The show “Message & Medium” had its opening at PhilaMOCA on Thursday, March 1. Its name is taken from the famous assertion by Marshall McLuhan that “the medium is the message.” In this exhibit, assembled by artist and curator Gaby Heit, some 20 artists display work, which is in some way based in textual elements.
In contemporary society we are inundated with images from art to ads and everything in between. More often than not, especially within advertisements, text also plays a crucial role in directing our thought process. Language is often the most literal factor, displaying information, which would otherwise be lost through images or abstractions: dates, times, locations or names for instance. The art in “Message & Medium” plays off the ubiquity of text and language in popular culture.
Jon Montenegro’s “happyrain” is an interactive piece, which stems from the world of social media. A monitor refreshes every few minutes with live feeds from Twitter, turning the messages sideways so it appears that they are raining downward. The data received is specifically content that deals with Tweets expressing excitement or happiness. As the viewer examines the raining words, the happiness is vicariously delivered to the audience in an effort to spread joy or positivity. Curiously enough, the night of the opening coincided with Justin Bieber’s birthday, so many of the messages were barely legible birthday shout outs to the teen pop star.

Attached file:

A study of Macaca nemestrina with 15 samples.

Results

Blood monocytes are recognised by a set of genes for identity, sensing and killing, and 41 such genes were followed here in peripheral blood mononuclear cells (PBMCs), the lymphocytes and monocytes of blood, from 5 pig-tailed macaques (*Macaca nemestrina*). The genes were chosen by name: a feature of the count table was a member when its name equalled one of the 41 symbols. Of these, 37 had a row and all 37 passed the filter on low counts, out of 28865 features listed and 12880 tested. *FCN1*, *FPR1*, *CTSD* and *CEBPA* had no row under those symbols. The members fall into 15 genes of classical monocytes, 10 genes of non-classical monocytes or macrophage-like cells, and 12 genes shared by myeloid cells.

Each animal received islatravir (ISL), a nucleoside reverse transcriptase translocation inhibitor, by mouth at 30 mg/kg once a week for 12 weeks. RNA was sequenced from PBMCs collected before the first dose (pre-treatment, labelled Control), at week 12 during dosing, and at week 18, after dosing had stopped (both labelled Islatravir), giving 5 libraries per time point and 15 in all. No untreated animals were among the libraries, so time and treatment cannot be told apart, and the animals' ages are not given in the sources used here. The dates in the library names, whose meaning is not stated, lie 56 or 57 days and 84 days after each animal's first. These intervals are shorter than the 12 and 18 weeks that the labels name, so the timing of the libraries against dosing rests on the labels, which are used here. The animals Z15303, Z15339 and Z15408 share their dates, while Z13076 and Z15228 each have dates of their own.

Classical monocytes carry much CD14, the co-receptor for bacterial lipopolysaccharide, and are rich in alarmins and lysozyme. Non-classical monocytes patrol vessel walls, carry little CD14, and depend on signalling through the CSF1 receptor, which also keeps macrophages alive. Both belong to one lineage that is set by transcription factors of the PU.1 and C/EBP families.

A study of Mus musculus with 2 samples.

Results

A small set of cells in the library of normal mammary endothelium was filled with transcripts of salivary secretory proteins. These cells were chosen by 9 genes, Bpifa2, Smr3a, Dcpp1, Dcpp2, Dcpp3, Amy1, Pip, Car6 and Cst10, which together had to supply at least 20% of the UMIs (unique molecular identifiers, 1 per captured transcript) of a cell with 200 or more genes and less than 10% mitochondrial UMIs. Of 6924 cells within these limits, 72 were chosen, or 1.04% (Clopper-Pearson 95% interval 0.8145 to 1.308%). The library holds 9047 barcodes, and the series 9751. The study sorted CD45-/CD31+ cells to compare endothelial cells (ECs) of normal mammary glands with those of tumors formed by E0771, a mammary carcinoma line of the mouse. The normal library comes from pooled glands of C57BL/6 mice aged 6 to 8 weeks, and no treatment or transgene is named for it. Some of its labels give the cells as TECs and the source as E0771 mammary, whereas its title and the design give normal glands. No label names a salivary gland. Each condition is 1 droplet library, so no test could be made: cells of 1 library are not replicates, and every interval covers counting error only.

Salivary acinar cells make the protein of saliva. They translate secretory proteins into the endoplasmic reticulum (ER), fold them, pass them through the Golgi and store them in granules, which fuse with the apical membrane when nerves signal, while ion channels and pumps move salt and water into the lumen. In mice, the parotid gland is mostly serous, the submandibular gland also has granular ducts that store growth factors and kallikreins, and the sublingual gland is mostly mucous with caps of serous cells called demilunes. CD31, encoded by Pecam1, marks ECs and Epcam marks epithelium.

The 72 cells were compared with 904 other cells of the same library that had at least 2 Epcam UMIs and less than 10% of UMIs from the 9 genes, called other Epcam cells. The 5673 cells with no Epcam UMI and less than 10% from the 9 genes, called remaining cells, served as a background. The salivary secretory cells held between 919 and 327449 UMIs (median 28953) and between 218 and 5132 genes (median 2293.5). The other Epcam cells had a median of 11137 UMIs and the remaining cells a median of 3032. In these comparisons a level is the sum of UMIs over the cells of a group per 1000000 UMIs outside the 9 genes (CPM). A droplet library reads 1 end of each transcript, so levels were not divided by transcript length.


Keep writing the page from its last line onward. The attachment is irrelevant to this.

A very abstract take on the concept of language is the gigantic QR barcode by Matt Zigler. He expresses communication through technology as well, but in this case the image is fully part of a computer language — no birthday wishes here. The code is actually scannable, but, as it stands, the code appears as merely a grid of black and white cubes. Zigler compares the code to the poetry of the Tao Te Ching in that its positive and negative spaces are like that of yin and yang, playing separate but inherently connected roles in conveying meaning.
E. Sherman Hayman creates intricate narrative panels utilizing painting, drawing, old engravings and photographs. These little graphic documentaries trace various American political and social movements and provide statistics and quotations to back up the research. The text appears in boxes and speech bubbles in which historical figures discuss concepts, like wealth inequality, with an eye on current events.
There are many more artists, images, dialogues and diatribes within this wonderfully wordy exhibit. From Boots Levinson’s image “Respect,”which shows a young black man moments after the election of Barack Obama on November 4, 2008, to a comic without any visible characters by Paula Searing and Brian O’Neill, there are many takes on language and text in contemporary art. The show will be at PhilaMOCA until March 12.
PhilaMOCA is located at 531 N. 12th St.; 267-519-9651.